Welsh Churches to consider Bill allowing same-sex marriage blessings
The Welsh Church’s Governing Body is considering a Bill set to authorise a service of blessing for gay and lesbian partnerships or marriages in Welsh Churches, this month.
On 6 September the Welsh Church Governing Body will debate a Bill, allowing for the first time, same-sex couples to have their marriage or civil partnership blessed in a Church. The Bill proposes a series of experimental services that will be opted-into by individual clergy for the next five years. Same-sex couples will still, however, not be able to marry in a church.
The Bill comes following calls from members of the Welsh Church Governing Body that by having no formal ceremony to recognise people in committed same-sex relationships is “pastorally unsustainable”.
The Explanatory Memorandum to the proposal stats that:
“Approval of this rite would be stating that the Church in Wales accepts that the loving and faithful commitment of two persons of the same sex, aspiring to life-long fidelity and mutual comfort, and who have made a commitment in civil partnership or marriage, is worthy of acceptance by the Church by asking God’s blessing upon their commitment.”
Church Bishops are consequently requesting that the Bill is debated in a respectful manner and have issued a set of “Pastoral Principles” to guide discussion and debate.
The Principles state that:
“There can be no room for seeking to undermine sincerely held views. Neither should we seek to walk away from each other. Our union in Christ is at the heart of our life and the bonds and character of our baptism hold us together; sharing a commitment to each other as together we seek the Kingdom of God. We hope these materials will stimulate this quality of engagement.”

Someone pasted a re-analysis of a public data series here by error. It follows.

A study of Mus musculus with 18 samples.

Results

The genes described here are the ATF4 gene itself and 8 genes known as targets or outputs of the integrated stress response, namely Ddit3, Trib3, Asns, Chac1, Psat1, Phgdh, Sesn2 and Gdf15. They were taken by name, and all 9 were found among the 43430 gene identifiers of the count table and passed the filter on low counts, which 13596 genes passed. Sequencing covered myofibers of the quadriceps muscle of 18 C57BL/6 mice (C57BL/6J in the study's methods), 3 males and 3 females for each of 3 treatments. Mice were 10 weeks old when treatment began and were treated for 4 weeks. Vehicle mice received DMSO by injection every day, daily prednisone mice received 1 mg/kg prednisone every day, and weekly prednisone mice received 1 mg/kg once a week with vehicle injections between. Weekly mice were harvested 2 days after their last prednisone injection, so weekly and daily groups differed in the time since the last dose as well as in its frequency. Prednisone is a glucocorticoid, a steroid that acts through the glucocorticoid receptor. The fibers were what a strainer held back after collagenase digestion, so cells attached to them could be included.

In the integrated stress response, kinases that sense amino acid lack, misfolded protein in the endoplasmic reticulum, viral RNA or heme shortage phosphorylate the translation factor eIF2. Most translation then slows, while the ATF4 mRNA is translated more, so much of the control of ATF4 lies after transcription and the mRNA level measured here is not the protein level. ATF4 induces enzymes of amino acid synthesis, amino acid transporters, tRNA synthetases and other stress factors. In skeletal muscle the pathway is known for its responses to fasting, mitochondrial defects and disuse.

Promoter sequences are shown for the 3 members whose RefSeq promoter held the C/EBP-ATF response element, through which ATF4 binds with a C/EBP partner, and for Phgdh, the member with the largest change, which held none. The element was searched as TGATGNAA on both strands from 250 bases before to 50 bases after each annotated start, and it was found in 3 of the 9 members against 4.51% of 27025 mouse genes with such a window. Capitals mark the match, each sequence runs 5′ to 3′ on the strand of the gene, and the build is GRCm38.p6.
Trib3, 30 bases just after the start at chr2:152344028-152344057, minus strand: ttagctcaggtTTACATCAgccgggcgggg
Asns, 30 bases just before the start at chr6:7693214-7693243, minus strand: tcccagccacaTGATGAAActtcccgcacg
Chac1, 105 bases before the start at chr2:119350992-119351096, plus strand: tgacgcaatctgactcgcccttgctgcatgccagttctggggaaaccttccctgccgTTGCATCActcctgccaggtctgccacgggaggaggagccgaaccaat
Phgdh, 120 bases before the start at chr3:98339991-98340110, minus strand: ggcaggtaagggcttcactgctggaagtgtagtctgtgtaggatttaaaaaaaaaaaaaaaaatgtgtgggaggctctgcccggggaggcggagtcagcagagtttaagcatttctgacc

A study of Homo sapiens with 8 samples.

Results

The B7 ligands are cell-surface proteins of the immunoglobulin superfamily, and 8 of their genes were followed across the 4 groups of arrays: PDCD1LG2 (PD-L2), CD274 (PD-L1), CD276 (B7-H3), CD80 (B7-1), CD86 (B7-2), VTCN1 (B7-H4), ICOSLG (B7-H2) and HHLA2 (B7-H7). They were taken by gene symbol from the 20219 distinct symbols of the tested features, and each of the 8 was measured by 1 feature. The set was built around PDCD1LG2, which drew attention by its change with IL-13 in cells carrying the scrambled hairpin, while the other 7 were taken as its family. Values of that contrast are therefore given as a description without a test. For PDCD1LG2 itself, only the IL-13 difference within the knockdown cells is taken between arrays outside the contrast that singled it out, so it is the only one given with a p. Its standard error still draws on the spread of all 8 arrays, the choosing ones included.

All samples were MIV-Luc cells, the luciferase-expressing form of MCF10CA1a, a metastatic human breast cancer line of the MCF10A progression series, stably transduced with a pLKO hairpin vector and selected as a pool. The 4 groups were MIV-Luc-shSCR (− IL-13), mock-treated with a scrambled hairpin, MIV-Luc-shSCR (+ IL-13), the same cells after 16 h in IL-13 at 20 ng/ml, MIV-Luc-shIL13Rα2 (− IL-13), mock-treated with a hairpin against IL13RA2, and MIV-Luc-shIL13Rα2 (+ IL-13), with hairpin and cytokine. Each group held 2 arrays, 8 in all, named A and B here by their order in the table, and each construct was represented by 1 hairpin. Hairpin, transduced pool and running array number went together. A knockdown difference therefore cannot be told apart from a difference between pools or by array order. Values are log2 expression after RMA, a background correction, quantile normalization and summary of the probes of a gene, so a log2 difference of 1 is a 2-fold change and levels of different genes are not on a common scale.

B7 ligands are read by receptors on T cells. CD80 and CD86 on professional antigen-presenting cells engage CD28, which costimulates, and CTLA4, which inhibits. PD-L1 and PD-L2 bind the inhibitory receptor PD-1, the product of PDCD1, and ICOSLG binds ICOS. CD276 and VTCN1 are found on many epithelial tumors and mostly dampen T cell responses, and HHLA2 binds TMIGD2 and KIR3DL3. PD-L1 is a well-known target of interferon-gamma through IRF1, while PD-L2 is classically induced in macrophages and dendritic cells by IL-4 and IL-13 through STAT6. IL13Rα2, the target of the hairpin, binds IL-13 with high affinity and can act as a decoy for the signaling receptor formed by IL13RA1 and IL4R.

The Bill will be discussed at the International Convention Centre Wales in Newport and will be live-streamed via a link on the Church in Wales website and Youtube channel.
While recognising that the Bill is controversial, members of the Governing Body have described it as a “step on the way towards repentance of a history in the Church which has demonised and persecuted gay and lesbian people, forcing them into fear, dishonesty and sometimes even hypocrisy, and which has precluded them from living publicly and honestly lives of committed partnership”.
Elsewhere in the UK, the Scottish Episcopal Church voted to allow gay couples to marry in church in 2017, making it the first major Christian church in the UK to allow same-sex marriages. The Church of Scotland, however, does not currently allow gay marriage.
In Northern Ireland the first same-sex religious wedding ceremony took place in December after changes in the law were introduced by the Northern Ireland Office.
Currently in England, The Church of England does not recognise same-sex marriages, does not permit the blessing of same-sex unions and only allows celibate gay and lesbian clergy to minister.